Guest Column: Sen. Dan Brown – Pushing back on a forceful land grab

brownBy Senator Dan Brown

We live in a society that is based on the right of the individual to participate in his or her own government. Our ancestors created a system of checks and balances giving certain responsibilities to the legislative branch, some to the judiciary, and others to the executive branch. In recent years, we have seen the executive branch overreaching into areas clearly within the elected General Assembly’s sphere of responsibility and many times without the public’s knowledge or consent.

What some people do not know is that many of the rules and regulations we live by in the Show-Me State on a daily basis are never voted on by our elected officials. They are never voted on by the public. Many, in fact, are promulgated by bureaucrats who have been appointed by the governor. It seems lately these governor appointed departments don’t even worry about promulgating rules. Instead, they have taken it into their own hands to make significant purchases or changes that are notably altering the lives of Missourians.

Recently, I have learned about a troubling trend in the Department of Natural Resources (DNR). Late last year the DNR’s forceful actions to buy land in Oregon County resulted in a complete lack of transparency and negligence. Instead of using funds from a 2009 settlement meant to pay for the restoration of damaged lands, the Missouri Trustee Council, comprised of the Department of Natural Resources, the U.S. Fish and Wildlife Service, and the U.S. Forest Service, put the money forward to buy private property. Once it becomes government-owned land, it will no longer be subject to personal property or real estate taxes. Not only is this is a huge hit to Oregon County, but the department went against the rules and bought the land without public discussion.

Before the council can spend any settlement money, a public hearing must be held on the plan. Not only was a plan never presented, but the trustees never alerted the public to any hearing. There has been widespread vocal and written opposition to this DNR land grab. Many state and local leaders have tried to get answers with no luck. When money has been set aside for a certain area, the money should be spent in that area, not transferred to a new project. This abuse of power and lack of transparency cannot continue.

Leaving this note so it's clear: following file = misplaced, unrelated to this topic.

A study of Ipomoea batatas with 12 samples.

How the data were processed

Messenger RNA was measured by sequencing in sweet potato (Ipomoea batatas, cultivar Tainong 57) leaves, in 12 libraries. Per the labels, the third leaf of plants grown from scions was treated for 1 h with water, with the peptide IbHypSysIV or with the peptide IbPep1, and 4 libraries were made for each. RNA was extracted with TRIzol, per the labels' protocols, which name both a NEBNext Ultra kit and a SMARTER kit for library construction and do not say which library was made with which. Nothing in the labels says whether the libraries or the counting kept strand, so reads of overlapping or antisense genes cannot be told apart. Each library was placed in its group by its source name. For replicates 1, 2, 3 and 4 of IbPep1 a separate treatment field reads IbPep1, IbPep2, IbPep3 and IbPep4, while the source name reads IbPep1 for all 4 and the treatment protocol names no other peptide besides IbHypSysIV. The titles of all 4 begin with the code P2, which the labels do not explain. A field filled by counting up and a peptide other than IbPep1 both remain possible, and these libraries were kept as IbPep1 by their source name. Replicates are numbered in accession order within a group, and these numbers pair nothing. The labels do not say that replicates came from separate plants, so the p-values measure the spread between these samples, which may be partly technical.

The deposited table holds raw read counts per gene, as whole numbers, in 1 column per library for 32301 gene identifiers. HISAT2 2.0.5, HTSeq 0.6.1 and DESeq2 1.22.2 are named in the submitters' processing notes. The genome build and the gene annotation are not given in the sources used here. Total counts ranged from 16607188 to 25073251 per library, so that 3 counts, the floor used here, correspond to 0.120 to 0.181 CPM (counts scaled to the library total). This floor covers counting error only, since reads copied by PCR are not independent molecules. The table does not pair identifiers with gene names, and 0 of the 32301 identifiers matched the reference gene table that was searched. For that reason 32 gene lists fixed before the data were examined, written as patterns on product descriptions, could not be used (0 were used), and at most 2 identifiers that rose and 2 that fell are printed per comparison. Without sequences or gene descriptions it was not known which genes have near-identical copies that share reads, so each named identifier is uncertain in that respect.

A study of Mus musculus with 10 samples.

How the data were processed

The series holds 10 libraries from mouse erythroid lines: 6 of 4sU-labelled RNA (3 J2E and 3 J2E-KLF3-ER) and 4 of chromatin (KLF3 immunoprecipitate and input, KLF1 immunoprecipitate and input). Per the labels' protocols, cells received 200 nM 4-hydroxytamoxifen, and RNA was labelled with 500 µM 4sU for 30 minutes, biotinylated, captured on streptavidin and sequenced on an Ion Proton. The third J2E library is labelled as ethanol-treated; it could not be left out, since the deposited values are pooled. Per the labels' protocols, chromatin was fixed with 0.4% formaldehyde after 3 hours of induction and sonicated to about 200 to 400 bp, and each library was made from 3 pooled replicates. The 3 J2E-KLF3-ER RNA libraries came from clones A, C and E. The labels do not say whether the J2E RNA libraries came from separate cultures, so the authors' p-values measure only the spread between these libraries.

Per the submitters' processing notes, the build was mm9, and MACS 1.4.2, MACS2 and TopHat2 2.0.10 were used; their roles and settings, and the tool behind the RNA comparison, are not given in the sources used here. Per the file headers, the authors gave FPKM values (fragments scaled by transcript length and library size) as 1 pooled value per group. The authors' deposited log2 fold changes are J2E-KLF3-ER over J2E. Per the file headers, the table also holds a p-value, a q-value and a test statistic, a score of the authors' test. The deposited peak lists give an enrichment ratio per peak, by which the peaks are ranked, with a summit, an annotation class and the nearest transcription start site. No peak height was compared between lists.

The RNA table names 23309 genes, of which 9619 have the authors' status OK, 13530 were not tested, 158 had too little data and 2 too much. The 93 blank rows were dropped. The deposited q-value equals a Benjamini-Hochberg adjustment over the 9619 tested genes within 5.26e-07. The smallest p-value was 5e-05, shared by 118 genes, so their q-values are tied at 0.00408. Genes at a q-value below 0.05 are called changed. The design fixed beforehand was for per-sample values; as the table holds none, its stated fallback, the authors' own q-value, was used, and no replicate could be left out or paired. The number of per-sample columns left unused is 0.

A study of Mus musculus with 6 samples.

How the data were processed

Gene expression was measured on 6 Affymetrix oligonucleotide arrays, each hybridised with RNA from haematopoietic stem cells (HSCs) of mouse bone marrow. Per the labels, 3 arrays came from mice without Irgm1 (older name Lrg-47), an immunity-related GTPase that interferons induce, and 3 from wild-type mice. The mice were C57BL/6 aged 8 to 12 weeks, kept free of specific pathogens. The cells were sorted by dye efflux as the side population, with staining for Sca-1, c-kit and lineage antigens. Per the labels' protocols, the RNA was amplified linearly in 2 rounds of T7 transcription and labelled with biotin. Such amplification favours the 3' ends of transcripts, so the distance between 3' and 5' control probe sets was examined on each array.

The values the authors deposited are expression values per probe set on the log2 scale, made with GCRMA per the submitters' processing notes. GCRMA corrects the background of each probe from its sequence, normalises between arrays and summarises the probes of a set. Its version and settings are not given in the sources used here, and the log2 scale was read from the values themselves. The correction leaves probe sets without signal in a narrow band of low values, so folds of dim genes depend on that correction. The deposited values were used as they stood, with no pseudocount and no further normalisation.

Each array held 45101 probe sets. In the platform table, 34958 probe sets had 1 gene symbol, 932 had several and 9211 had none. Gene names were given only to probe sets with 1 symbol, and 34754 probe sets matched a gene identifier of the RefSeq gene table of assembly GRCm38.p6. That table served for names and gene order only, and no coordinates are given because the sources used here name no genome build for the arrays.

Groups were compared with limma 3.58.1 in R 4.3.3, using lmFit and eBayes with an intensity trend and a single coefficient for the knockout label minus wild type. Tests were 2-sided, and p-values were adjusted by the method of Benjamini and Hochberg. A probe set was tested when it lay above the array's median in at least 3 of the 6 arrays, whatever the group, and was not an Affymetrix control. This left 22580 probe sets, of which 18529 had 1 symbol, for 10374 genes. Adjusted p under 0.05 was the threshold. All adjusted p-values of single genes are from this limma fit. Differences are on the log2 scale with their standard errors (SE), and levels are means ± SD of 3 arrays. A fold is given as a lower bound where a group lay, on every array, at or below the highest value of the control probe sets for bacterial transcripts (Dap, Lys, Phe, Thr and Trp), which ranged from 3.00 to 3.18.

That’s why I have filed Senate Bill 1064. The measure will require DNR to submit a detailed budget analysis to the budget and appropriations committees in the General Assembly. The analysis will contain all existing and proposed expenditures for the upcoming fiscal year. This bill will create more accountability for the department because the Legislature will have a better idea on where they will spend their money. This measure will also make DNR more accountable, transparent, and hopefully more responsive. It’s extremely imperative to have proper oversight by the General Assembly of those to whom we give such great discretion and responsibility to spend money and write regulations.

The decisions of the unelected bureaucrats are affecting our lives. It’s time to tell them enough is enough. I encourage you to call your district representatives and urge them to quickly pass Senate Bill 1064.